A phablet is simply a large smartphone -- a phone-tablet. The term came about a few years ago as smartphones began to grow in size and some became nearly indistinguishable from smaller tablets. 

Phablets account for a large portion of smartphone sales. They accounted for as much as 25% of sales in 2015, and their share is expected to grow to 32% by 2020, according to IDC estimates. And with that growth, there are three top stocks most likely to benefit: Apple (NASDAQ:AAPL), Samsung (NASDAQOTH:SSNLF), and Universal Display (NASDAQ:OLED).

The back of a black Apple iPhone 7 Plus.

Image source: Apple.

Apple's big business

It's a no surprise Apple heads the list of top phablet stocks. The company sold 50.7 million iPhones in its fiscal second quarter of 2017, and the company earned about 63% of its total revenue in the quarter from those sales. 

At least part of the company's solid quarter can be contributed to Apple's largest phone, the iPhone 7 Plus. "We are proud to report a strong March quarter, with revenue growth accelerating from the December quarter and continued robust demand for iPhone 7 Plus," Apple CEO Tim Cook said in a press release. 

And it's not just Cook who views Apple's largest phone as an asset. The iPhone 7 Plus was the world's second best-selling phone in the first quarter of this year, surpassed only by the iPhone 7, according to Strategy Analytics. 

There's reason to believe that the rest of 2017 will bode well for Apple and its larger phones as well. Several rumors have surfaced that Apple could launch a larger 5.8-inch phone (up from the 5.5-inch iPhone 7 Plus) as one of its new iPhone 8 models this fall. Investors may remember that when Apple bumped up the screen sizes for its iPhone 6 and 6 Plus, it sparked a sales boom a few years ago. There's no guarantee of seeing that for the next iPhone of course, but a larger, no-bezel iPhone could certainly spur its own upgrade cycle demand. 

Samsung scalable success 

Samsung was one of the early leaders in the phablet space and overall, things have worked out tremendously well. The company's larger phones have been a key ingredient in keeping pace with Apple's popular, albeit smaller, iPhones.

Samsung hit a few speed bumps with its smartphone sales in 2016, mainly from less-than-stellar Galaxy S6 demand and the infamous recall of its Galaxy Note 7 -- which was, er, prone to catching on fire. But things appear to be turning around for the phablet maker. Samsung's new Galaxy S8 and S8+ phones have impressive 5.8-inch and 6.2-inch displayswith no-bezel screens.

Undersea picture of a whale and diver with the Galaxy S8+ overlaid on top of it.

Image source: Samsung.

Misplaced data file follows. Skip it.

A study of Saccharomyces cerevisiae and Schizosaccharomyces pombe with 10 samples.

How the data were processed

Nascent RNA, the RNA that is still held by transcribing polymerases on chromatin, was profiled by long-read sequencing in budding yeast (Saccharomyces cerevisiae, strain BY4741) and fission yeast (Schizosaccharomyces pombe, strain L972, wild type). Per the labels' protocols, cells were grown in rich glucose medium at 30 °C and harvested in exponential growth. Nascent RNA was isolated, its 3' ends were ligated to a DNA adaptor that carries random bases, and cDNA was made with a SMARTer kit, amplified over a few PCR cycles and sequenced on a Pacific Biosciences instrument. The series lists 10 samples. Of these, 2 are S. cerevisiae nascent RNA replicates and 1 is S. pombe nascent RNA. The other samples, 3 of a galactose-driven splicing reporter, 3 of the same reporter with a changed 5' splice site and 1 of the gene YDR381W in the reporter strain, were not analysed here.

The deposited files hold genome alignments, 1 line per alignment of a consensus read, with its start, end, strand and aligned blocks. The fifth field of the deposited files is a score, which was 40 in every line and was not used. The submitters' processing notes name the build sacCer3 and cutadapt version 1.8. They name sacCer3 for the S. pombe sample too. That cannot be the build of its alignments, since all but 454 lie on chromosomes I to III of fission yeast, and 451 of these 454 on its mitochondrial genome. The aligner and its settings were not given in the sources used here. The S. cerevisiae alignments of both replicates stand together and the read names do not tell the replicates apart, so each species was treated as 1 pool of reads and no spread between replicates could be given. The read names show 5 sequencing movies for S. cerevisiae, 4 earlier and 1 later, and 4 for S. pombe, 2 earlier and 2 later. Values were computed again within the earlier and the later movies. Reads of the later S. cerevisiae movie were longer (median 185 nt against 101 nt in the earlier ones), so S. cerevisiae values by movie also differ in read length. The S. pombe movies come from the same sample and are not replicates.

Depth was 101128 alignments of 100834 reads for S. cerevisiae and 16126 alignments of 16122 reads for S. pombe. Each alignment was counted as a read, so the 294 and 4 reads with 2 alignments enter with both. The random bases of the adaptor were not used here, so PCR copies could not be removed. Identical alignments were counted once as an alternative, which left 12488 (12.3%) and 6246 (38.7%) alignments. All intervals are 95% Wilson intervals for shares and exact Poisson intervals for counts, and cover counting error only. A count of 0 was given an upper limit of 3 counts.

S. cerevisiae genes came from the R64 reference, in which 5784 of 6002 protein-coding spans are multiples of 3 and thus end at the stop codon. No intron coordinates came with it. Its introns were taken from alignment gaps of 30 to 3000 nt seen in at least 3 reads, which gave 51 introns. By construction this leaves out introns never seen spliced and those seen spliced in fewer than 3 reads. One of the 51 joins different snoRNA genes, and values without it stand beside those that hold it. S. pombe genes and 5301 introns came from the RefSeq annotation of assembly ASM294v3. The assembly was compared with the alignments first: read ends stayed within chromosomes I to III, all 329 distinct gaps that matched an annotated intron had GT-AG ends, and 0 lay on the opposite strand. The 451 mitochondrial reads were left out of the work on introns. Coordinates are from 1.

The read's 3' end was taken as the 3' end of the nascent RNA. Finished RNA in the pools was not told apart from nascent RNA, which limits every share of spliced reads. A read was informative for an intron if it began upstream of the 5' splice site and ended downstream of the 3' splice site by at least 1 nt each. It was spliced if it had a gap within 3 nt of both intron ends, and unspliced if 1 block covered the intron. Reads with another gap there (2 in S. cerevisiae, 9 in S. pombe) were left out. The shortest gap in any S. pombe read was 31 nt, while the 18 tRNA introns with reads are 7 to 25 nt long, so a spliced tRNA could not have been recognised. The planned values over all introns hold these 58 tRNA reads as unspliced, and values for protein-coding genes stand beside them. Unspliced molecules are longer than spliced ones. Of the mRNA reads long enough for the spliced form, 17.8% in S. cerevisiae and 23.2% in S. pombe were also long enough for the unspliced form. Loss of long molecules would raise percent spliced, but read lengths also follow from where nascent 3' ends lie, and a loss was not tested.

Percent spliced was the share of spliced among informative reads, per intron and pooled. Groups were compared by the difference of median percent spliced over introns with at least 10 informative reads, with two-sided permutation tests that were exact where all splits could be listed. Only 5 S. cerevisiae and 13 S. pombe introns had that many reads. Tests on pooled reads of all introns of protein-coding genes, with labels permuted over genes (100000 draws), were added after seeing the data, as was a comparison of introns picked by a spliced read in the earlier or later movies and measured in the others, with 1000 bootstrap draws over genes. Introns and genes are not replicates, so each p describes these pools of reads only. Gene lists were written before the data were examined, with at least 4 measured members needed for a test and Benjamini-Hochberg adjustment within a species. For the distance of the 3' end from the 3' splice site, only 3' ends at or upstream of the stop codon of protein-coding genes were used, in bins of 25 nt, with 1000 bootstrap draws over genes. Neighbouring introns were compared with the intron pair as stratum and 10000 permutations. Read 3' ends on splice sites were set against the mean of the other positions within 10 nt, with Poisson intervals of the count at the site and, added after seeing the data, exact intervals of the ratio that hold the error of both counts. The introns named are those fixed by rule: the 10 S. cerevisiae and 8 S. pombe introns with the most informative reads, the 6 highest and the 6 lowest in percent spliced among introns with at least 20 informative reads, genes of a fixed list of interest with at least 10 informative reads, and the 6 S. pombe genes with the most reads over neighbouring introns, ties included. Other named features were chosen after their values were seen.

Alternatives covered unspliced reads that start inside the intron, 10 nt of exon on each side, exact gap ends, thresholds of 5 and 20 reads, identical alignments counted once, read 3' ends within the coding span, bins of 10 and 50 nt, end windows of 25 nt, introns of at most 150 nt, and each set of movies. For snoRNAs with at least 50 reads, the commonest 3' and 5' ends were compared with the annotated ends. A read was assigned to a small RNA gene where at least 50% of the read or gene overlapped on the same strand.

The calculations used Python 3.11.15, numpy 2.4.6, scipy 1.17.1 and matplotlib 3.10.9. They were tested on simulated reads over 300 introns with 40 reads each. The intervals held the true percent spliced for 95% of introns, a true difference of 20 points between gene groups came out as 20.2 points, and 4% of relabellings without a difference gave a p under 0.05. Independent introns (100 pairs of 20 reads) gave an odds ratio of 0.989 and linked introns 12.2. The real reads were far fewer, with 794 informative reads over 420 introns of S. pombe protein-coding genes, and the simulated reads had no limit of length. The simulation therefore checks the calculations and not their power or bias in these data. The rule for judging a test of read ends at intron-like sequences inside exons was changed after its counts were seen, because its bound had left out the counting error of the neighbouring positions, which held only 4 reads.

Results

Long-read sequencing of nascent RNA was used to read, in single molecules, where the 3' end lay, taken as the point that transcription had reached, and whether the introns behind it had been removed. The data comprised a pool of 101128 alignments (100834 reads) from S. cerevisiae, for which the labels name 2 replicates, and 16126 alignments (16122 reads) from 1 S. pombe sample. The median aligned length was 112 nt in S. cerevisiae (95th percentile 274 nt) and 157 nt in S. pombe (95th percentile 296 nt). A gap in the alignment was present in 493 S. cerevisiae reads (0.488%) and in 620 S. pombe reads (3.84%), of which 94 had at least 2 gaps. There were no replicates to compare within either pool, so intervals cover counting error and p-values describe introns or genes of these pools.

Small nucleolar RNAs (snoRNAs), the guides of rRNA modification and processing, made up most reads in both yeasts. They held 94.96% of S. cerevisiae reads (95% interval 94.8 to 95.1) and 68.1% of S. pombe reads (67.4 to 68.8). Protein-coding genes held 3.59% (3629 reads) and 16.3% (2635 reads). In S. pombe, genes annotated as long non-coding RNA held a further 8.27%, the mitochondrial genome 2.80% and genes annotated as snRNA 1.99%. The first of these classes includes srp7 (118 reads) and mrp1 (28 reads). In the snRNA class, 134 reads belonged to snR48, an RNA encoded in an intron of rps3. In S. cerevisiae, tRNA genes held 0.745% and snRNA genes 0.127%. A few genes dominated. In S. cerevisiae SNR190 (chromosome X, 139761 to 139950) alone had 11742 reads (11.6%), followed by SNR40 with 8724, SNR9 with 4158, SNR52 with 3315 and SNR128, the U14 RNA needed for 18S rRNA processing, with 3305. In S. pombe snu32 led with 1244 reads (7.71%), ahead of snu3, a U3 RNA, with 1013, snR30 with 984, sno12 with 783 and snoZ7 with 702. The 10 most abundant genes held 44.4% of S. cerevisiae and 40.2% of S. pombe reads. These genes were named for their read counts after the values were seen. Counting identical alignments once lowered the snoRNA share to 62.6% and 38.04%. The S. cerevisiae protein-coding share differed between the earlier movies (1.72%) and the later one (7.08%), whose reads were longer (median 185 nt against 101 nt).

Samsung made more than 50% of its 2016 revenue from its IT and mobile communications segments, and the new S8 and S8+ phablets should go a long way toward helping to keep mobile revenue up for 2017. A report from South Korean website The Investor says Samsung has already racked up 5 million global sales since the devices went on sale a month ago.  
 
It will still be a couple of months before we find out how well the S8 lineup has performed for Samsung, but some sales estimates for the devices are projected to hit 60 million for the full year, up from 52 million for last year's S7 lineup.

Universal Display's larger-than-life licensing fees

Universal Display licenses the research and technology it develops for OLED displays and sells some of the raw materials used to make the displays as well. The company's biggest customers are LG and Samsung, and the majority of its sales come from smartphones and tablets.

Universal has a lucrative licensing deal with Samsung that's worth $90 million for 2017, up from $75 million last year, and LG is currently locked into a licensing agreement with the company until 2022.

A woman tapping her finger on a large smartphone.

Image source: Getty Images.

Universal is just coming off a fantastic first quarter, with revenue up more than 87% and net income skyrocketing from $1.9 million to $8.5 million year over year. The company's licensing-fee revenue, which doesn't include the current deal with Samsung, totaled $7 million in the quarter, up 32% year over year. 

The company's CFO, Sidney Rosenblatt, expects much more growth from OLED market as well, noting in a press release that management believes the market is "poised to grow faster" than previously expected. The company believes the expanding OLED segment will translate into more licensing revenue and sales, which should boost 2017 revenue by 30% to 40% compared with last year. 

Investors looking for the top phablet stocks for 2017 should give these companies strong consideration, and remember that even though large phones have been on the market for a while, there's still plenty of room in this segment for more growth. 

Chris Neiger has no position in any stocks mentioned. The Motley Fool owns shares of and recommends Apple and Universal Display. The Motley Fool has a disclosure policy.